How Mining’s Environmental Footprint has Transformed
Natural Resources Learn how Goldcorp is helping to usher in a new era of sustainable mining practices and changing how the industry is being perceived.
Water is the world’s most precious resource. Since water is used in every part of the mining life cycle, mining companies are important stewards of its use.
It’s a role Goldcorp takes very seriously. The Canadian gold miner’s Towards Zero Water strategy is saving water by using less, recycling more, and working on technologies to eliminate conventional slurry tailings.
For example, Goldcorp has been a leader in the industry using filtered or “dry-stack” tailings, originally at its El Sauzal site, and later at its Marlin and Éléonore sites, and is co-developing innovative technology for use in high-volume applications at larger-scale mines. Filtered tailings drastically reduce fresh-water consumption and eliminate the use of traditional slurry tailings, currently the largest store of unavailable water in the mining process.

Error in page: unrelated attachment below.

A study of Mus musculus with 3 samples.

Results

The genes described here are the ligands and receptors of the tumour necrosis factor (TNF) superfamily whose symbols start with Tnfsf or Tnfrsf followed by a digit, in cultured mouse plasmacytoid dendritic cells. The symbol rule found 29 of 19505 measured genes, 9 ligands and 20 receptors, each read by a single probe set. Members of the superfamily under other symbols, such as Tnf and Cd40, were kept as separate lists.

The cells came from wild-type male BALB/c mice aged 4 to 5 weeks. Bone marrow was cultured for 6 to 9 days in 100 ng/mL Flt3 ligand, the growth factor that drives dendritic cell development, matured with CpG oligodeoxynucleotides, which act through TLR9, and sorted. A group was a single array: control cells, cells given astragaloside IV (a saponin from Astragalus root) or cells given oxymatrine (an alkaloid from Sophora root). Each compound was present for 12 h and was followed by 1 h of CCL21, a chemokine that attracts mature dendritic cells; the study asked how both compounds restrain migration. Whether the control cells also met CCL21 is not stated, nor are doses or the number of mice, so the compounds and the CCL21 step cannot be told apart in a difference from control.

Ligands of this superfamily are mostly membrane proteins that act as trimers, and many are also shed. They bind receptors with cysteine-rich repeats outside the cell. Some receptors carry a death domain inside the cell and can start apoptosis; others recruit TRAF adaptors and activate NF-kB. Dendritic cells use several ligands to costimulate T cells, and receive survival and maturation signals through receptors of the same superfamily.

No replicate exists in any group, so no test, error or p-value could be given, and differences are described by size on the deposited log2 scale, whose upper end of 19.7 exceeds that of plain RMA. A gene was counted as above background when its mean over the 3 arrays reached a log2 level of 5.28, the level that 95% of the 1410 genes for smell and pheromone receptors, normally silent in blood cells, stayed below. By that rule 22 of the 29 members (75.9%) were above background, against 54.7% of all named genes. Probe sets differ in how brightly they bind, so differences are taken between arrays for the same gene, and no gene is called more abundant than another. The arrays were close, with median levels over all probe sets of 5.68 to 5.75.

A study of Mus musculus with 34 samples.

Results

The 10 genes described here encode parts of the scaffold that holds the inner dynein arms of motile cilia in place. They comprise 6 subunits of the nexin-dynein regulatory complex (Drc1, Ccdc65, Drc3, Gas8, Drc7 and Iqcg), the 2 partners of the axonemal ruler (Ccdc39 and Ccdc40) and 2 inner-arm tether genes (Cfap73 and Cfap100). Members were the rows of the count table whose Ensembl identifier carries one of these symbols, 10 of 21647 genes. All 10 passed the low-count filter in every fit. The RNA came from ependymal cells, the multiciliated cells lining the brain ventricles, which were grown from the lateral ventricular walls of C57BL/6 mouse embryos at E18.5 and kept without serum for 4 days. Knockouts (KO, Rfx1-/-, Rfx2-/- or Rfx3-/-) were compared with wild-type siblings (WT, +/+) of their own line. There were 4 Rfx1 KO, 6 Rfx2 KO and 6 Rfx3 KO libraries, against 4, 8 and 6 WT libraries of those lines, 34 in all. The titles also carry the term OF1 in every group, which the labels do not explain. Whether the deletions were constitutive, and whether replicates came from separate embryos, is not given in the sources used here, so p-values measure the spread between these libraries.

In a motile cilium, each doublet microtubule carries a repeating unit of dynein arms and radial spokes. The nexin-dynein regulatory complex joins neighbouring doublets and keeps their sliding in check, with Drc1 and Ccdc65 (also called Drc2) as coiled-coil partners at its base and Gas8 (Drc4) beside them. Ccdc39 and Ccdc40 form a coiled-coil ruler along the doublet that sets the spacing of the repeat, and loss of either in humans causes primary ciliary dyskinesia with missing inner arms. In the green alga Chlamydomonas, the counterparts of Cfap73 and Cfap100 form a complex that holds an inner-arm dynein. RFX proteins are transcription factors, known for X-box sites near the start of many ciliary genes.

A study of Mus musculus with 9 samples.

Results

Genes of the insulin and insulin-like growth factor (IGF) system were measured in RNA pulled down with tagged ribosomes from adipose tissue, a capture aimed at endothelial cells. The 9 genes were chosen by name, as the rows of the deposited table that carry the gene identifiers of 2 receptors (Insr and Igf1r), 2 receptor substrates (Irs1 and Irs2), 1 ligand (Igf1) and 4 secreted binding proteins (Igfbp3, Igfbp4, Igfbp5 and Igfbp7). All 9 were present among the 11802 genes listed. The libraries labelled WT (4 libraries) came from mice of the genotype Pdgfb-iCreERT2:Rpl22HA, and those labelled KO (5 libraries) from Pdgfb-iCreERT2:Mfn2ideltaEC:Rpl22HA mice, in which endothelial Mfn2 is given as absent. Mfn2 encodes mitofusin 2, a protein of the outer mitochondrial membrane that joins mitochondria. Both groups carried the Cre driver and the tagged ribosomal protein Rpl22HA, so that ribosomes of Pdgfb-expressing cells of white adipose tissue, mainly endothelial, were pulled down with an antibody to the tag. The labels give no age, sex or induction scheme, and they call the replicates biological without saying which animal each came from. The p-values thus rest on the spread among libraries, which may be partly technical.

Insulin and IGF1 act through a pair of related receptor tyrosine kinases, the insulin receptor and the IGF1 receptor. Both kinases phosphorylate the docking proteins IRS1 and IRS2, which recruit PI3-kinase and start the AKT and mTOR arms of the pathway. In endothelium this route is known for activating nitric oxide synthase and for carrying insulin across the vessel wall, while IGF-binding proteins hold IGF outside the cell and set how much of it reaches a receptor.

“This could be transformational for our industry and our environmental footprint,” says Lisa Wade, Goldcorp’s Vice President of Environment.
Goldcorp is also in the testing phase of EcoTails, which blends filtered tailings with waste rock, and could allow some sites to recycle over 90 percent of the water they use.
“Innovation is important in our drive to become a more efficient, profitable, and sustainable company,” says Brent Bergeron, Goldcorp’s Executive Vice President of Corporate Affairs and Sustainability. “Investing in new technologies is essential to achieving our sustainability objectives and changing the way the world perceives our industry.”